This post is jointly written by Steve Heard and Jacquelyn Gill, and appears in addition on Jacquelyn’s blog The Contemplative Mammoth
A couple of weeks ago, one of us (Steve) posted “How to write, and read, a (job) rejection letter”. (I should clarify that we’re talking here about the university/college academic job market*). One piece of advice to job candidates got some interesting pushback on Twitter, including from Jacquelyn. It was this piece:
Finally, realize that the letter isn’t an invitation to further conversation…Don’t contact the letter writer, or anyone else, to ask for further feedback (not even “so I can improve my future applications”). Believe me, we understand how much you want that feedback, because when we were in your position we wanted it too. But the same confidentiality considerations that kept the letter short and a bit vague apply to later conversations too.
A number of people reported having asked for and received such feedback, and others suggested they thought they had the right to do so. This interests me!
It’s possible Steve is wrong about this (he hastens to point out it’s possible he’s wrong about almost anything). It’s also possible that Jacquelyn has gotten bad advice, or that there’s been a cultural shift as the job market has become more competitive. It seems there’s quite a bit of variation in experience – and we wonder if there might be some disconnect in preferences from the applicant and search committee sides of the interaction. So, please help us get some feel for what people do about feedback and why, from both the job-applicant and the search-committee perspective. Here are some simple poll questions. Please answer the “job candidate” set or the “search committee member” set (or both if you’ve recently been in both roles):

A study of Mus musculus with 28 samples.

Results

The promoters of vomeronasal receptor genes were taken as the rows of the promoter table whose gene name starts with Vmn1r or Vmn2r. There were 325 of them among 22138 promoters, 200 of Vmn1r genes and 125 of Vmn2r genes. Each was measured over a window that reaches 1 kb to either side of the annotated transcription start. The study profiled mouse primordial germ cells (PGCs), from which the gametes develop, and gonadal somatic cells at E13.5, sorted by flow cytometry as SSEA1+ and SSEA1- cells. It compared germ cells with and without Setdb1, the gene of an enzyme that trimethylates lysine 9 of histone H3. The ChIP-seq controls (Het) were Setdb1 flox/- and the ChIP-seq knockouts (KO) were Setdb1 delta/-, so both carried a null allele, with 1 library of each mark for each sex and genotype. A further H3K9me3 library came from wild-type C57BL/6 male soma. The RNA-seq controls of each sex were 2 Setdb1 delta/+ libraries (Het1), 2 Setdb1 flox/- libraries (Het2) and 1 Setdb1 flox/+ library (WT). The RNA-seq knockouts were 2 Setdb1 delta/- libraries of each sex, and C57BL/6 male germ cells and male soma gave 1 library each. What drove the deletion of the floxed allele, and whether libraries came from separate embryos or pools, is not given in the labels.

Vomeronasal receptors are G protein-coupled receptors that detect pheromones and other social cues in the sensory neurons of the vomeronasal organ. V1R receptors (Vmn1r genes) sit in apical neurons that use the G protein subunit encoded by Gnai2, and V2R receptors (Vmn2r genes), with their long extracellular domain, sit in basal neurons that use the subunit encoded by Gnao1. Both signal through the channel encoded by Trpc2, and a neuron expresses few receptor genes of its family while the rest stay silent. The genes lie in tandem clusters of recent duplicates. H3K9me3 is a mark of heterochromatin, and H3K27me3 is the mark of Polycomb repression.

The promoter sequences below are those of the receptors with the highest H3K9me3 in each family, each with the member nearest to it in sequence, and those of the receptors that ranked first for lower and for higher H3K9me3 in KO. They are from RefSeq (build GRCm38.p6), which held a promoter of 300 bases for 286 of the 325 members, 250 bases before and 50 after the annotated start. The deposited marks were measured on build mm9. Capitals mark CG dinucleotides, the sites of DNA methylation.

Poll questions for job candidates:
Poll questions for search-committee members:
We’ll compile responses and post them, with some thoughts, in a week or so. (UPDATE: here it is). If you have comments that don’t easily fit into poll responses, please leave a Reply below!
© Stephen Heard and Jacquelyn Gill June 21, 2017
*^There are, of course, other job markets academics/scientists will find themselves on, including those for scientist and other positions in governments and NGOs. And there are other markets still for non-academic jobs. In this post, we’d like to hear about experiences with university/college academic jobs. This does not mean that other jobs are or should be valued less; merely that we have to bound our sampling universe somewhere! Thanks to Alex Bond for forcing me to think more clearly about this.